No one seeks grief. We sprint away from it. We skip the lament Psalms. We never know what to say or do in the face of loss, glancing awkwardly away from bereaved.
In his new book, Seasons of Sorrow: The Pain of Loss and the Comfort of God (Zondervan), Tim Challies chronicles a year of wrestling with the death of his 20-year-old son, Nicholas Paul Challies in November of 2020. During this agony, when words fail so many, Tim has given raw voice to his grief, asking the questions, processing the pain, and clinging in worship the Comforter.
…when that sorrow was still new in my heart, when the tears were still fresh in my eyes, when I barely knew up from down and here from there, I began to write. I had to write because I had to know what to think and what to believe, what to feel and what to do. I had to know whether to rage or to worship, whether to run or to bow, whether to give up or to go on. I had to know how to comfort my wife, how to console my daughters, how to shore up my own faith. I put fingers to keyboard and pen to paper to find out.Tim Challies, Seasons of Sorrow, prologue.
Seasons of Sorrow contains 42 short reflections on the first year without Nick, from the cold disbelief of that November phone call through the “final first” anniversary a year later. From choosing the last outfit for Nick’s burial to sorting through his dorm room, from Sunday visits at Nick’s grave to words of encouragement from Narnia, walk with Tim as he longs for his boy and for heaven, as he faithfully executes the stewardship of grief. Find comfort in Scripture, and stop to sing a snippet of a hymn. Lean on the holy, loving God.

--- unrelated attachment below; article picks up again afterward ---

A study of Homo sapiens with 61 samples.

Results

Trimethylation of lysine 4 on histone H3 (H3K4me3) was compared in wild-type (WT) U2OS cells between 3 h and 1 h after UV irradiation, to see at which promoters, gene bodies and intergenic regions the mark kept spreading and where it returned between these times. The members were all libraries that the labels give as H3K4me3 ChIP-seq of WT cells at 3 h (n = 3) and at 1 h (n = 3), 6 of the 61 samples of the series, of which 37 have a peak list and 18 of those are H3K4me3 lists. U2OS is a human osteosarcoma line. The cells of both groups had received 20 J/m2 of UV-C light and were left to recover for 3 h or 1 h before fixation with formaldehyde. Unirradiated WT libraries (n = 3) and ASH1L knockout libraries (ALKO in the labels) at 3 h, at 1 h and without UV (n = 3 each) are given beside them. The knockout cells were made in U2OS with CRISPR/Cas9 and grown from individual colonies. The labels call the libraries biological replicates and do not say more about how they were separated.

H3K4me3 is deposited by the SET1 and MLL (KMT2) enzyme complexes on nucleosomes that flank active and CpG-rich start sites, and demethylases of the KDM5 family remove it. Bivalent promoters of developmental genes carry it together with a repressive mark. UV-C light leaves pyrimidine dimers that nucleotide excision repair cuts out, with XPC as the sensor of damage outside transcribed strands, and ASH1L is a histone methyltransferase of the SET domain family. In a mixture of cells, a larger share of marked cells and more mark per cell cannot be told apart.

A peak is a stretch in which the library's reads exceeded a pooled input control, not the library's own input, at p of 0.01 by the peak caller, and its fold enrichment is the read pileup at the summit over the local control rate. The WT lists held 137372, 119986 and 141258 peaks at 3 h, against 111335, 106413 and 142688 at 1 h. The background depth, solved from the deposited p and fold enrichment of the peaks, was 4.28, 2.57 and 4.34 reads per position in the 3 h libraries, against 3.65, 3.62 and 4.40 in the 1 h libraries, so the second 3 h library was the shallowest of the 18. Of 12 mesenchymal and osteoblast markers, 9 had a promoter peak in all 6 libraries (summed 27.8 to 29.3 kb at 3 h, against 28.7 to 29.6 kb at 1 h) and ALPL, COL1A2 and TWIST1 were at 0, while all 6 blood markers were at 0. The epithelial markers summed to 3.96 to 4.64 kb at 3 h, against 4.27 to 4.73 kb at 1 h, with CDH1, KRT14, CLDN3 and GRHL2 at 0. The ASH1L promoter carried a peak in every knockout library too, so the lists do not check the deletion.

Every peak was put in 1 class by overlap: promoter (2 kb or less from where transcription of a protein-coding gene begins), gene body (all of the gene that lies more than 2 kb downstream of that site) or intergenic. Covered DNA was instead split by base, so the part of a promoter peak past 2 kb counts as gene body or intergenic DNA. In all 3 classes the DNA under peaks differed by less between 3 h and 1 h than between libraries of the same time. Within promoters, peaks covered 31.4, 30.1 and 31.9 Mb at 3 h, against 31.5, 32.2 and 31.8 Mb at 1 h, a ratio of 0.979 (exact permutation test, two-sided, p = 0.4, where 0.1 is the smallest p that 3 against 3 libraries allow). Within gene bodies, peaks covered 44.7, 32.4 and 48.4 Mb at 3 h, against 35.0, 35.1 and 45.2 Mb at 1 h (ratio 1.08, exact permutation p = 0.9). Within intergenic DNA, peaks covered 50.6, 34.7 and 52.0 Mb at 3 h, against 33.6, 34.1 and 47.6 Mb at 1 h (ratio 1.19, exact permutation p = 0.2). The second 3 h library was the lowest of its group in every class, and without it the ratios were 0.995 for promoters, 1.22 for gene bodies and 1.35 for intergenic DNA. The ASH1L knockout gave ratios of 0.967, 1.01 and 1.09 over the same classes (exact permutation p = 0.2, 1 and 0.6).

This book is written for everyone. Parents who have lost a child, you will find yourself weeping with Tim. Friends struggling with the goodness of God in a broken world, you will meet here a fellow sufferer. Young pastors and servants of the Church, your heart will be tenderized in preparation for the care ahead of you. Older Saints, you will find a tool to speak faithfully to your friends and family of death and the ultimate Resurrection.
Don’t look away from the loss and grief you will encounter. Tim is inviting you to sit with his sorrow, to understand your own, and to savor the steadfast comfort he and Aileen are finding in the kindness of God.
Friends, the path ahead brings us to the feet of Jesus, just a tick behind Nick. Seasons of Sorrow will help us all better anticipate that day.
Tim has prepared some additional resources for parents suffering loss and those who care for them, and you can find them on his blog.
CityAlight, a (much appreciated!) ministry of St. Paul’s church in Sydney Australia has worked with Tim to write a song related to God’s comfort in sorrow. You can read a bit about the process and listen to this new hymn on Tim’s blog.